Shoot Angry Zombies - run, jump and shoot them!
Shoot Angry Zombies has got two character options - a cowgirl and a cowboy. You get a gun to shoot them and you can jump to collect gold coins as you go. Make sure you destroy the zombies before they touch you, as their touch is a killing touch!
Zombies in the Haitian Culture
Zombies are featured widely in Haitian rural folklore as dead persons physically revived by the act of necromancy of a bokor, a sorcerer or witch. The bokor is opposed by the houngan or priest and the mambo or priestess of the formal voodoo religion. A zombie remains under the control of the bokor as a personal slave, having no will of its own.
The Haitian tradition also includes an incorporeal type of zombie, the "zombie astral", which is a part of the human soul. A bokor can capture a zombie astral to enhance his spiritual power. A zombie astral can also be sealed inside a specially decorated bottle by a bokor and sold to a client to bring luck, healing or business success. It is believed that God eventually will reclaim the zombie's soul, so the zombie is a temporary spiritual entity.
It has been suggested that the two types of zombie reflect soul dualism, a belief of Haitian voodoo. Each type of legendary zombie is therefore missing one half of its soul (the flesh or the spirit).
The zombie belief has its roots in traditions brought to Haiti by enslaved Africans, and their subsequent experiences in the New World. It was thought that the voodoo deity Baron Samedi would gather them from their grave to bring them to a heavenly afterlife in Africa ("Guinea"), unless they had offended him in some way, in which case they would be forever a slave after death, as a zombie. A zombie could also be saved by feeding them salt. English professor Amy Wilentz has written that the modern concept of Zombies was strongly influenced by Haitian slavery. Slave drivers on the plantations, who were usually slaves themselves and sometimes Voodoo priests, used the fear of zombification to discourage slaves from committing suicide.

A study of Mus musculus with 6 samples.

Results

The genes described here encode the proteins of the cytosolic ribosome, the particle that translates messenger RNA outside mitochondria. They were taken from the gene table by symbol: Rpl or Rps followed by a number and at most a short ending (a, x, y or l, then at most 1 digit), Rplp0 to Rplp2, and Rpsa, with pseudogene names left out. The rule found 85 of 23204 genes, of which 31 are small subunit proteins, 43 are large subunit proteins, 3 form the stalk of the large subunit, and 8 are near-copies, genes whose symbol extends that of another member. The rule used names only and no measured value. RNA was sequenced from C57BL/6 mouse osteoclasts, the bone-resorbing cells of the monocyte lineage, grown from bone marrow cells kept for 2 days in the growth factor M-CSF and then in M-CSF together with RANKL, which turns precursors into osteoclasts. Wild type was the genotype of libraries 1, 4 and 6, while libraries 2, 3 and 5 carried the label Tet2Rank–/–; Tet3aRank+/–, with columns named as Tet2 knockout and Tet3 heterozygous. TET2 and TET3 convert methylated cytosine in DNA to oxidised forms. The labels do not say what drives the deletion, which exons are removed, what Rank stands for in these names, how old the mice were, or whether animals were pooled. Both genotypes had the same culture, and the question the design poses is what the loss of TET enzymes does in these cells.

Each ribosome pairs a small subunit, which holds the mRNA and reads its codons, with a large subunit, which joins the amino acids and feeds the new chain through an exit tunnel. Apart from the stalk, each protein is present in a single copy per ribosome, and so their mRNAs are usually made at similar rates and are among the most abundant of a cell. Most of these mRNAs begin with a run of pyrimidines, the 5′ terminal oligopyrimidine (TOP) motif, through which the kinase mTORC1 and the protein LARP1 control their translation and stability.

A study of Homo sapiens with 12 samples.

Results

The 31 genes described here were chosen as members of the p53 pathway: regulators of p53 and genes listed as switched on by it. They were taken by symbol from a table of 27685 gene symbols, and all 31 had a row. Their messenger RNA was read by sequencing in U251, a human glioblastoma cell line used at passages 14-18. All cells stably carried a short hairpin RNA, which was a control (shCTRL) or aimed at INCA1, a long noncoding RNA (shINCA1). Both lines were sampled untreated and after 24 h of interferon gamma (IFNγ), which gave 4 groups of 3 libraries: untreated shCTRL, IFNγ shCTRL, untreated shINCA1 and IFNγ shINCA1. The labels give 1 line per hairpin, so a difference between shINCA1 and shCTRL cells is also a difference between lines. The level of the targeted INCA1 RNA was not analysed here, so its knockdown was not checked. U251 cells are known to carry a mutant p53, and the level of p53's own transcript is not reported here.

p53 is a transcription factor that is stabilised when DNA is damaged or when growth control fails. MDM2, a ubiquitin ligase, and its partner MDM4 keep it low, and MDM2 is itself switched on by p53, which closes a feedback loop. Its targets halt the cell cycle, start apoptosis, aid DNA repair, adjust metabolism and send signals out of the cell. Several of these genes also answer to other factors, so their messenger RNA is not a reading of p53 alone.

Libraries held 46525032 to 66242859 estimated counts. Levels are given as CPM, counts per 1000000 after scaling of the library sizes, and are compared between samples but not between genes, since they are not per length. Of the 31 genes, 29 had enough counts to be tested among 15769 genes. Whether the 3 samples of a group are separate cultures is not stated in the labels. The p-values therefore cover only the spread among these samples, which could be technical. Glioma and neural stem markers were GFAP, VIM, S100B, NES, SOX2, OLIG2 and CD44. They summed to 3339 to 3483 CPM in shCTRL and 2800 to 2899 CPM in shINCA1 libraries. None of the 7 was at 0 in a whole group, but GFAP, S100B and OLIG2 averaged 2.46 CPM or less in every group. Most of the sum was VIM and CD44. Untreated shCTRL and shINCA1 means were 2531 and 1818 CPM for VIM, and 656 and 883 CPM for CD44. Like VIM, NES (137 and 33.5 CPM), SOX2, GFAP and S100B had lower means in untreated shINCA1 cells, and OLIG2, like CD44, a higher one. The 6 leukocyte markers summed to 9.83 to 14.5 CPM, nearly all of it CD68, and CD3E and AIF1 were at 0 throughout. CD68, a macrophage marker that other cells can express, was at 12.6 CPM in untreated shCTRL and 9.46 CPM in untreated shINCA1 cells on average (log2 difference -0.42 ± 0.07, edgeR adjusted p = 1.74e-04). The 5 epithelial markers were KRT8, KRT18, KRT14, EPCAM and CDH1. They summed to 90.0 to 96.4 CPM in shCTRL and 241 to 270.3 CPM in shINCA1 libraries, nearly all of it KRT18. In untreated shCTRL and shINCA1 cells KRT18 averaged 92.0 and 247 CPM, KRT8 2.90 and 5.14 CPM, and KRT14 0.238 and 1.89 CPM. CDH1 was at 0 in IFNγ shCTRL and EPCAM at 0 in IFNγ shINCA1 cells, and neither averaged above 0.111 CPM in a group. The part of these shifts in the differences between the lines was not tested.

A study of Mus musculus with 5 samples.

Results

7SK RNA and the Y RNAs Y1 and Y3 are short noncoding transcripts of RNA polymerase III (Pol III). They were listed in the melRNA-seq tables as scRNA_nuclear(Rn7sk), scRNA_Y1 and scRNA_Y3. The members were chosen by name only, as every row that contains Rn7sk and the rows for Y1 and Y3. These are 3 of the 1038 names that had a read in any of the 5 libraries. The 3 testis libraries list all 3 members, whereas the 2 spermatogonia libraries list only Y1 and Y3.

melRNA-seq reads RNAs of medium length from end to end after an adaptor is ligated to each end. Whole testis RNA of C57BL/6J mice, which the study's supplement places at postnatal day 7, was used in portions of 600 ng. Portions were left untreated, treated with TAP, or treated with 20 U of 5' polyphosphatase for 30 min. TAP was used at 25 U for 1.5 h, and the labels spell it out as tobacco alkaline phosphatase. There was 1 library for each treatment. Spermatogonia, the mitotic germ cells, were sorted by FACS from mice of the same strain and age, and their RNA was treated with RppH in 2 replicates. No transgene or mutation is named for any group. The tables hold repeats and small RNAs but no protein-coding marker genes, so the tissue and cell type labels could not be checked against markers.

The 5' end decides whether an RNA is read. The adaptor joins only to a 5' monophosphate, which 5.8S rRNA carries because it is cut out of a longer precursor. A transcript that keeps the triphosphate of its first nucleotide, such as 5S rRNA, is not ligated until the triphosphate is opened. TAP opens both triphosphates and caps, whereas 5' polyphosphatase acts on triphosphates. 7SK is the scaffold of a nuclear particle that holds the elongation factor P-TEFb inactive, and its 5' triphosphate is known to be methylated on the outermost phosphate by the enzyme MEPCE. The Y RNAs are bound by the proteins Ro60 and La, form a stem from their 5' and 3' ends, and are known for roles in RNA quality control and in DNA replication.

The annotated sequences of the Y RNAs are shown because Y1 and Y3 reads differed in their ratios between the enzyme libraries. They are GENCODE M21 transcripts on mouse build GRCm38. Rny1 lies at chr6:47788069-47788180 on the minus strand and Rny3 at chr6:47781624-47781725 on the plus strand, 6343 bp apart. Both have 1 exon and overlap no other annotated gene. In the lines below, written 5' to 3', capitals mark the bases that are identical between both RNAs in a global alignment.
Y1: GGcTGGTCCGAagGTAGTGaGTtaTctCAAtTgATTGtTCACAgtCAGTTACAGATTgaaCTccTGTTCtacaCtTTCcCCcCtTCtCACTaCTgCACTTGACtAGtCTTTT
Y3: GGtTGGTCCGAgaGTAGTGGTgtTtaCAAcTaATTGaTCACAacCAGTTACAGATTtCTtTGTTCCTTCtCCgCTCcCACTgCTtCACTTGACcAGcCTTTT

While most scholars have associated the Haitian zombie with African cultures, a connection has also been suggested to the island's indigenous Taíno people, partly based on an early account of native shamanist practices written by the Hieronymite monk Ramón Pané, a companion of Christopher Columbus.
The Haitian zombie phenomenon first attracted widespread international attention during the United States occupation of Haiti (1915–1934), when a number of case histories of purported "zombies" began to emerge. The first popular book covering the topics was William Seabrook's The Magic Island (1929). Seabrooke cited Article 246 of the Haitian criminal code which was passed in 1864, asserting that it was an official recognition of zombies. This passage was later used in promotional materials for the 1932 film White Zombie.
Also shall be qualified as attempted murder the employment which may be made by any person of substances which, without causing actual death, produce a lethargic coma more or less prolonged. If, after the administering of such substances, the person has been buried, the act shall be considered murder no matter what result follows.
In 1937, while researching folklore in Haiti, Zora Neale Hurston encountered the case of a woman who appeared in a village. A family claimed she was Felicia Felix-Mentor, a relative who had died and been buried in 1907 at the age of 29. The woman was examined by a doctor; X-rays indicated that she did not have a leg fracture that Felix-Mentor was known to have had. Hurston pursued rumors that affected persons were given a powerful psychoactive drug, but she was unable to locate individuals willing to offer much information. She wrote, "What is more, if science ever gets to the bottom of Vodou in Haiti and Africa, it will be found that some important medical secrets, still unknown to medical science, give it its power, rather than gestures of ceremony."